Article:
My son went to a full day session to meet up with some other children around his age who are being homeschooled. During this time he had a class on engineering with Lego, and a lot of free time with which to play and socialize with the other children.

Interestingly enough, the kids decide to play the Game of School. They found a chalkboard and took turns pretending to be the teacher and explaining things to the other students. My son decided to be the math teacher, and according to him, this is what he tried to explain.

“9 x 10 = 90” and “90 x 10 = ?” and “? x 10 = a different ?” and “a different ? x 10 = another ?” and so on.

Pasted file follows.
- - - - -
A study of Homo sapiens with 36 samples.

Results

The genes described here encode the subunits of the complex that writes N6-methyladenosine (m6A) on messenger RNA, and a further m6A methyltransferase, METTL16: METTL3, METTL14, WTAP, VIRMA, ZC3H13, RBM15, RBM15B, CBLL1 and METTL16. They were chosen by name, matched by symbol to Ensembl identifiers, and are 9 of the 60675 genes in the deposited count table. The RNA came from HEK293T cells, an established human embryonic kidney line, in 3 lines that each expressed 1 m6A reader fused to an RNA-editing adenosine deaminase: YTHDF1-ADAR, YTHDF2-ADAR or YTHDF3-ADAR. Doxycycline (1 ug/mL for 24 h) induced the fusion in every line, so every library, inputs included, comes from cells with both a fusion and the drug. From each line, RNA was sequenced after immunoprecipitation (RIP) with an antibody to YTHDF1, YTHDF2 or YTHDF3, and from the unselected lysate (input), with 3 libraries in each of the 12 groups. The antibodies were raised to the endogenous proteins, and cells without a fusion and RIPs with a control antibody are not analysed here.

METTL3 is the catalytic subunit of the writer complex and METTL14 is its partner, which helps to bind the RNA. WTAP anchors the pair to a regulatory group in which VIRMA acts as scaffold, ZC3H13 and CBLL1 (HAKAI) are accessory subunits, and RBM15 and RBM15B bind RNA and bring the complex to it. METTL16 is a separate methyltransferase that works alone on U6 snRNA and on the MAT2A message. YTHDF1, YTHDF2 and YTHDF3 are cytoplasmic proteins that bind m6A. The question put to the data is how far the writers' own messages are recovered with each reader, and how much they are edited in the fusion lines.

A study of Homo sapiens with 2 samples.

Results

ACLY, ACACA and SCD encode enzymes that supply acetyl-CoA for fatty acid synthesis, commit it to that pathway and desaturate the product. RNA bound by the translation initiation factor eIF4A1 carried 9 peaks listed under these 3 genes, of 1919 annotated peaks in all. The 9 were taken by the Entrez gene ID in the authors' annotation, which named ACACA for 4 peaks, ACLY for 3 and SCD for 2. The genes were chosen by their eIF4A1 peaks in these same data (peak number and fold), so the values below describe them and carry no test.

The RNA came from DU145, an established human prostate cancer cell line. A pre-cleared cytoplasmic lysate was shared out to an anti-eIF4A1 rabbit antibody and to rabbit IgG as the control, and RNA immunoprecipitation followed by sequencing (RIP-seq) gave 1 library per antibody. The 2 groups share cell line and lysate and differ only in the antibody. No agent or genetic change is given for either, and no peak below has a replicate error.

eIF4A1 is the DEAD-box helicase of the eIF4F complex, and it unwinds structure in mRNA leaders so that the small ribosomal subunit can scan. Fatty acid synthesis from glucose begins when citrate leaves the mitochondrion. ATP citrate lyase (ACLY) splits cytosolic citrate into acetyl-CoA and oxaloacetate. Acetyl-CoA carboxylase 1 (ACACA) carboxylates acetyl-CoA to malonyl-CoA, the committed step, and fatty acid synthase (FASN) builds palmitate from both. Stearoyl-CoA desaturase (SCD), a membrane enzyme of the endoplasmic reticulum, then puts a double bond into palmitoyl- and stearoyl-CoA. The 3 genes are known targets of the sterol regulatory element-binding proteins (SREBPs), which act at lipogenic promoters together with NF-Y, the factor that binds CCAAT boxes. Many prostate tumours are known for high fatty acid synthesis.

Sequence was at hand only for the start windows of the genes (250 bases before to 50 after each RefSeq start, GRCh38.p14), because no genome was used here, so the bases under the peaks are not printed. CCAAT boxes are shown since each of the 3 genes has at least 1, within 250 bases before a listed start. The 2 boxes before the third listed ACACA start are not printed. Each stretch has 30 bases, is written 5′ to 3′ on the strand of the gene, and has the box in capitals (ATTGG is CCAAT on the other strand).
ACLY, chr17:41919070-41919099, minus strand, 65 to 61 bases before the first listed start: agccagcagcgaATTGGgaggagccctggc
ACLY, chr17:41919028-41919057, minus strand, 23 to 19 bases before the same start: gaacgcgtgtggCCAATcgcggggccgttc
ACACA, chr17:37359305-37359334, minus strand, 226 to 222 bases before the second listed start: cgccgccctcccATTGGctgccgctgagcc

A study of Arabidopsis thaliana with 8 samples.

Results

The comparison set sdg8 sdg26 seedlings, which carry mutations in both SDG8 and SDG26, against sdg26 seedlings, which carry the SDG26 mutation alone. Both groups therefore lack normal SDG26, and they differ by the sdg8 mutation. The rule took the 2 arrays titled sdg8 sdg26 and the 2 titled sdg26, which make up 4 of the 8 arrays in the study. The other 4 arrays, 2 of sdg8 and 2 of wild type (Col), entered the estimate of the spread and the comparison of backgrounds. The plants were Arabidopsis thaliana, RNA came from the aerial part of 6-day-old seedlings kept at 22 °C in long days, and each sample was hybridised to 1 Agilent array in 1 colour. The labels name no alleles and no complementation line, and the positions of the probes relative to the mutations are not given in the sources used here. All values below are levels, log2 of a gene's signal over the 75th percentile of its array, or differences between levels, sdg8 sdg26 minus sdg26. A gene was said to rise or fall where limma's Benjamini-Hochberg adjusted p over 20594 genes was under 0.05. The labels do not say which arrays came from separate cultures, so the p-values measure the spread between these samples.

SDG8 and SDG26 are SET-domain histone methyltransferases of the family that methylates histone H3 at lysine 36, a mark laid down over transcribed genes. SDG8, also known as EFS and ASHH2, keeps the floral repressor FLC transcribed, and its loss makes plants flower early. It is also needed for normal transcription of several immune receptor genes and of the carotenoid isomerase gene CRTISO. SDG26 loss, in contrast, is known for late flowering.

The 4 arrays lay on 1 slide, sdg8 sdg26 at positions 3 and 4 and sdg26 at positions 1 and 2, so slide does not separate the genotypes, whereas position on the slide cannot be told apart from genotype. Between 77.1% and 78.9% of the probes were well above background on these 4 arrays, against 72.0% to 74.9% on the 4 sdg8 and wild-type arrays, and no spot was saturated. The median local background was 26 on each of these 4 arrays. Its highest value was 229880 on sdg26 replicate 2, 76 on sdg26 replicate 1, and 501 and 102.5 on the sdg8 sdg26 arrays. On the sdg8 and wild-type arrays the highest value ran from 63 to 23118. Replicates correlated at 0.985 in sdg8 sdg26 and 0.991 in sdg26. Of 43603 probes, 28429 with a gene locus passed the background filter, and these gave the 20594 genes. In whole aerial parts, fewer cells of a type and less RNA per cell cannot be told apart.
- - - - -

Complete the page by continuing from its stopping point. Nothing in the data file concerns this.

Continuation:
In other words, he was trying to show a pattern with multiplication by 10, and he decided to use a place-holder to show that the result of his multiplication from the first times 10 would be used in the next calculation.

We have another word we use commonly in mathematics for these place-holders. We call them variables. My son is 7. He has had no formal instruction on variables, and I have certainly never talked about the idea in our discussions about math. This is him inventing a new-to-him mathematical idea to help describe a process to another child.

Why is my son using variables in this explanation? I think it’s because he had a need for them. Does he understand the concept of variable completely? I doubt it, but this is a good start.

My child certainly has a stronger-than-usual background in mathematics (he has me as his father, and we talk about math ideas and numbers **a lot**) but if he can invent this concept, other children can too, given the necessary experiences.